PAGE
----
An unexpected jump in prescription costs forced retiree to become a savvy shopper

retired technical writer and trainer, savvy shopper

I’m not new to diabetes. I am a fourth-generation diabetic. My great-grandmother was diagnosed with it in the 1920s and she was one of the first people in the United States on insulin. She had 14 children, three who died stillborn of gestational diabetes. Of the 11 surviving, all of them were eventually diagnosed as diabetic. So, I knew a lot about it when I got it and I wasn’t terribly surprised when I got the diagnosis from my doctor.

That was 15 years ago. I manage my diabetes with diet, exercise and oral medication. I have not had to take any insulin yet, which to me is a big victory.

I had this medication that was giving me indigestion, so I switched to a well-known oral medication that’s been around at least 10 years. I was getting it at a local “big box” pharmacy that always advertises their prices are the lowest in the area. I had it for about three months at $50 a month. The new year came and all of a sudden the price was $250 for the same bottle of pills, a 30-day supply. I worked with my supplemental care provider to get a 90-day supply, using a drug benefit to reduce the cost to $145 and that was manageable.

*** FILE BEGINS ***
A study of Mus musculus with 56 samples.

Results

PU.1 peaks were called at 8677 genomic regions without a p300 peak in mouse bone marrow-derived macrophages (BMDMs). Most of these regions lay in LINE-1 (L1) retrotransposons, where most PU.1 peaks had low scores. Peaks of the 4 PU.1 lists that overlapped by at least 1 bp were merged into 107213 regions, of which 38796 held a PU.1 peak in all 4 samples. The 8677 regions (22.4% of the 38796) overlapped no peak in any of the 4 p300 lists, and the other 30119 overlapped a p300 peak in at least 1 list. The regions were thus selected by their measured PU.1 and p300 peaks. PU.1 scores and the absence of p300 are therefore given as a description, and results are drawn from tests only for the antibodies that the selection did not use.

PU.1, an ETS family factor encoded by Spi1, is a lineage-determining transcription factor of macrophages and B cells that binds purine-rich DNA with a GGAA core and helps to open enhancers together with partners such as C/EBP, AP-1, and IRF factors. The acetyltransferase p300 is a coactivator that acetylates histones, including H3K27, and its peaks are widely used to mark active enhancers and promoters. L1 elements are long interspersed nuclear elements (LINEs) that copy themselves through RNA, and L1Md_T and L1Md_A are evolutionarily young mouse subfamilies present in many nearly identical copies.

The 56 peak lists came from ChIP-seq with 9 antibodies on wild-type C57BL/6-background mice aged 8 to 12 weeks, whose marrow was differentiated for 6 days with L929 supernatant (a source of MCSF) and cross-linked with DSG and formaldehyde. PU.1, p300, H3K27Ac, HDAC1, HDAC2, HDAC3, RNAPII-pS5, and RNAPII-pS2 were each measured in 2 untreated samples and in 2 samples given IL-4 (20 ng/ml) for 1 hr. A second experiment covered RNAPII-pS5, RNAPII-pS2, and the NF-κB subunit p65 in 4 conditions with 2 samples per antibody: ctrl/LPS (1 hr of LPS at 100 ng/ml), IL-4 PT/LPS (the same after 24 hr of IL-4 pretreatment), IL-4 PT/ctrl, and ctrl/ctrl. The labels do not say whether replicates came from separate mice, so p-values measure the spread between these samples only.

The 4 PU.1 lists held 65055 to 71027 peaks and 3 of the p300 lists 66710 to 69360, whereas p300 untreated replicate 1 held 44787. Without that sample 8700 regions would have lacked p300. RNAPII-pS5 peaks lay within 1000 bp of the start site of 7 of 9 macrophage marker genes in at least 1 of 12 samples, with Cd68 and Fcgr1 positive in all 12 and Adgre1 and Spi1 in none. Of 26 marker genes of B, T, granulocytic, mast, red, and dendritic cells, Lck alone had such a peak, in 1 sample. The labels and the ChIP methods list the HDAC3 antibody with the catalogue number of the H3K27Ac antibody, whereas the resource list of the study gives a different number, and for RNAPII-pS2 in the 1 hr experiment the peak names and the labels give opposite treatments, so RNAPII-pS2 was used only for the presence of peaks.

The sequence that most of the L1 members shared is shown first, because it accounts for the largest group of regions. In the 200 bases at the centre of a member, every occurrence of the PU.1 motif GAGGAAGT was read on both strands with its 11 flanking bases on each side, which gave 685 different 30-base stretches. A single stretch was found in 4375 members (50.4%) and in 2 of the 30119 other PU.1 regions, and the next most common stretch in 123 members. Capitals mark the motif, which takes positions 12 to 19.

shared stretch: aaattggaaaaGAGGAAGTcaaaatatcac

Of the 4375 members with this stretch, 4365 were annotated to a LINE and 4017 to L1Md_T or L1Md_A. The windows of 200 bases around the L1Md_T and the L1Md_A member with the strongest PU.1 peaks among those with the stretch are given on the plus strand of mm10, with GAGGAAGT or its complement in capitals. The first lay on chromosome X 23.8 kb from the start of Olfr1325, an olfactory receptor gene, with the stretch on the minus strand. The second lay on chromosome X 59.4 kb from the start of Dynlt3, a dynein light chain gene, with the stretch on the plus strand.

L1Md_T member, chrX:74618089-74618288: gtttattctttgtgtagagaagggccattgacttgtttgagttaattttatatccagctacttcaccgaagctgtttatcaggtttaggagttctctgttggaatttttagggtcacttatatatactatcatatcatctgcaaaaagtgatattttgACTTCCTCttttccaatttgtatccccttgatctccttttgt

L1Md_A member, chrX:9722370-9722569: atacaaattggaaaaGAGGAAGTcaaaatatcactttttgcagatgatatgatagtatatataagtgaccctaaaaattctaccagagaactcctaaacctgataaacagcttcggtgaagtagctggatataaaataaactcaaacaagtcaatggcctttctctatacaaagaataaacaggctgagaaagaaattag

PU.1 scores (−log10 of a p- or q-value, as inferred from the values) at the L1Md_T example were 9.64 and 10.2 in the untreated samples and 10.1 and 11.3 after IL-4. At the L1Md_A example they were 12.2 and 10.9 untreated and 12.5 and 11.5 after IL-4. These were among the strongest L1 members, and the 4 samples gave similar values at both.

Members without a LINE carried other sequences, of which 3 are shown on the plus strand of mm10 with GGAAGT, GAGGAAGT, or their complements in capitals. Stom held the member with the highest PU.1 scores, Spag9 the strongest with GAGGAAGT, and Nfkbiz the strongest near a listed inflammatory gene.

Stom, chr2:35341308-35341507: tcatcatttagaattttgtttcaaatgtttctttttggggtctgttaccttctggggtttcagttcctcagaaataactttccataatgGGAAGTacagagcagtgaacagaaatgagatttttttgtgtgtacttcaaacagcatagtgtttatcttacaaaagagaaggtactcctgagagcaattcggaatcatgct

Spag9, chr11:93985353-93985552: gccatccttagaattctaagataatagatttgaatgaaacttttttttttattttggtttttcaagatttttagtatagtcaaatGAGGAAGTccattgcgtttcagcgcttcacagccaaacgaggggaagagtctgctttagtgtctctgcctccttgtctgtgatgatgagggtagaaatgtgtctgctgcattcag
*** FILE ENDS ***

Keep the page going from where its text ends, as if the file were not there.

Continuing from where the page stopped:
But then my doctor wanted me to try a different prescription. I was getting it for free as a trial. When I went online to find out how much it was going to cost through my insurer, they offered me a 90-day supply for $1,032. Now, I don’t know about other people, but I live on a very modest pension and an additional $300 a month would completely wipe me out.

The thing I learned was to keep looking. I knew that if I went online and started Googling, I would find something. I know that every major insurance company, especially those that serve seniors, will have a website where you can research the best prices.

My advice to people is to look around. There are some programs available to people to help get reduced-cost prescriptions. If at all possible, we use a generic which really does save a lot of money.

“I live on a very modest pension and an additional $300 a month would completely wipe me out.”